Cahokia (which means "Wild Geese") was inhabited by the Cahokia and Tamaroa Indians. In 1698, building began on a French outpost of missionaries. Their goal was to convert the nearby Native Americans to Catholicism. In 1735, Cahokia was home to twelve Canadian males, but it grew rapidly to become an important Indian trade center.
French dominance of the area ended with the British defeat of France in the French and Indian War in 1763. Many French Cahokians moved across the Mississippi River to found St. Louis. In 1778, Cahokia became part of the Northwest Territory of the United States with a peaceful military occupation. In 1787, the town became the county seat of St. Clair County, with a courthouse that held the U.S. Territorial court. It remained so until 1814, when the size of the county was decreased and the county seat was moved to Belleville.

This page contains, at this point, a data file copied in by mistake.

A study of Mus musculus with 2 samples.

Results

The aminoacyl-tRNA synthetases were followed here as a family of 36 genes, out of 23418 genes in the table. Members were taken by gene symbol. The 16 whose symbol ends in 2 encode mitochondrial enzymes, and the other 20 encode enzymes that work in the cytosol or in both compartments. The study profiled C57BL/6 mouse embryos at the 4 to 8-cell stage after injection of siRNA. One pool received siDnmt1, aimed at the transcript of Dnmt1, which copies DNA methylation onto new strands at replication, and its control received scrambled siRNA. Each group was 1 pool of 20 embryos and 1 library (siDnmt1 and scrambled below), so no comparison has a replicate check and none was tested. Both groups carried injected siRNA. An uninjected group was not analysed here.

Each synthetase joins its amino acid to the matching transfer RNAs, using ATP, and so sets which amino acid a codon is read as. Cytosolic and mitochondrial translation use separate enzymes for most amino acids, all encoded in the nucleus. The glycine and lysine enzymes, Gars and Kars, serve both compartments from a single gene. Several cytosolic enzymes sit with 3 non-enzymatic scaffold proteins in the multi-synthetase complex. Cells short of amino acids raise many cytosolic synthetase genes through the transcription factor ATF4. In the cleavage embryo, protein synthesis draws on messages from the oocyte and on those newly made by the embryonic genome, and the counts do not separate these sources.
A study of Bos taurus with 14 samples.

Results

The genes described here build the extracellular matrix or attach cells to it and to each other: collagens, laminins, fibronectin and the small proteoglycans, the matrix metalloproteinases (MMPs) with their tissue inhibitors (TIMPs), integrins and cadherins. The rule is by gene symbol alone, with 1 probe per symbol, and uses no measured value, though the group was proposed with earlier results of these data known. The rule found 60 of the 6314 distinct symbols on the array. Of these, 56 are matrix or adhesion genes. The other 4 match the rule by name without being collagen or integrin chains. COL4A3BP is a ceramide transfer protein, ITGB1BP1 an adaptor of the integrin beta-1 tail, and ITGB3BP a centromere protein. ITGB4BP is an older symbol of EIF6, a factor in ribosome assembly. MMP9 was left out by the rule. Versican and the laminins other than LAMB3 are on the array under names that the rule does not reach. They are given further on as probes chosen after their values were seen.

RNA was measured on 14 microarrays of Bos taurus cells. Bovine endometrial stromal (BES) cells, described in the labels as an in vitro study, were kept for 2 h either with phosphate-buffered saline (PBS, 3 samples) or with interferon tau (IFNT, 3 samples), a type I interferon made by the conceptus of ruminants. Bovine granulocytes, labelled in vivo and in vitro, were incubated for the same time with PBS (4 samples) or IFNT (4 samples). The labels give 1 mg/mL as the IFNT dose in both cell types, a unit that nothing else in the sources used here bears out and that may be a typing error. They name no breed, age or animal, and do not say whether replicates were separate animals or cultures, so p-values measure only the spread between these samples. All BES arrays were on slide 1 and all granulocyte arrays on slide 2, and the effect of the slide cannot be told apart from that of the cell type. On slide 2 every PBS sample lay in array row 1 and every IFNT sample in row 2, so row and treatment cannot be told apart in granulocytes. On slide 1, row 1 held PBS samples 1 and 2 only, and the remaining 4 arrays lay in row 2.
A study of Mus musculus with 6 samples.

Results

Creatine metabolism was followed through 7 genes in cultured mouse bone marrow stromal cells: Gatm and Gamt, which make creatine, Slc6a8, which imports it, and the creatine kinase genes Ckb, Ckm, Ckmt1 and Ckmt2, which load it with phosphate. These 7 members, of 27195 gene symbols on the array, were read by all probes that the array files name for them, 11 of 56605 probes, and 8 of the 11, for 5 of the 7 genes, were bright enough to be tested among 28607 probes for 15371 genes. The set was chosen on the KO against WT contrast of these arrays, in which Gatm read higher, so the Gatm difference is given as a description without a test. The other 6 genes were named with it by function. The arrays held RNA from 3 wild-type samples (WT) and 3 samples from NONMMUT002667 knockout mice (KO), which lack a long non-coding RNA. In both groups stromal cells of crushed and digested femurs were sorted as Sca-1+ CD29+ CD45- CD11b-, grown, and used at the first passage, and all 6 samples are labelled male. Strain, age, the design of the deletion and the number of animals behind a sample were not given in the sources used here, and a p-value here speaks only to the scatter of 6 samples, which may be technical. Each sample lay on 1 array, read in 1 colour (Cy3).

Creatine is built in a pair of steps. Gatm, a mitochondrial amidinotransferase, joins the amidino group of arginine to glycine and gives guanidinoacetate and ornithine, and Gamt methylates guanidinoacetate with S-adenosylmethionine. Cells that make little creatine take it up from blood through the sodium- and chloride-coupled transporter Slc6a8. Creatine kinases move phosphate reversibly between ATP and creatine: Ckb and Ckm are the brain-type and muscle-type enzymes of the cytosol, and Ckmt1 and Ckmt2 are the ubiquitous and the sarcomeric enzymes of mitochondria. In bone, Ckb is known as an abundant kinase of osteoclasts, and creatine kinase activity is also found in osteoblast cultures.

The town was described in 1800 as having “50 houses, 300 inhabitants, 80 negroes, and large stocks of black cattle, swine, etc.” (Hutchins). Cahokia was the first Illinois town on the U.S. postal route in 1805. The route followed the old Indian trail between Cahokia and Vincennes. By 1817, the town was an important transportation and trading hub in the American Bottom.
The original Cahokia Courthouse became dilapidated by 1901, when it was purchased by a businessman who reconstructed a smaller version of it for the 1904 St. Louis World Fair. After the fair, it was sold again and shipped to Chicago, where it stayed until Cahokians demanded it back. It was shipped back and rebuilt in 1940. In 1938, archaeological work began on the original site. The foundations, footings, and architectural fragments were found, along with domestic artifacts. The Illinois State Museum curates the Cahokia Courthouse Archaeological Collection.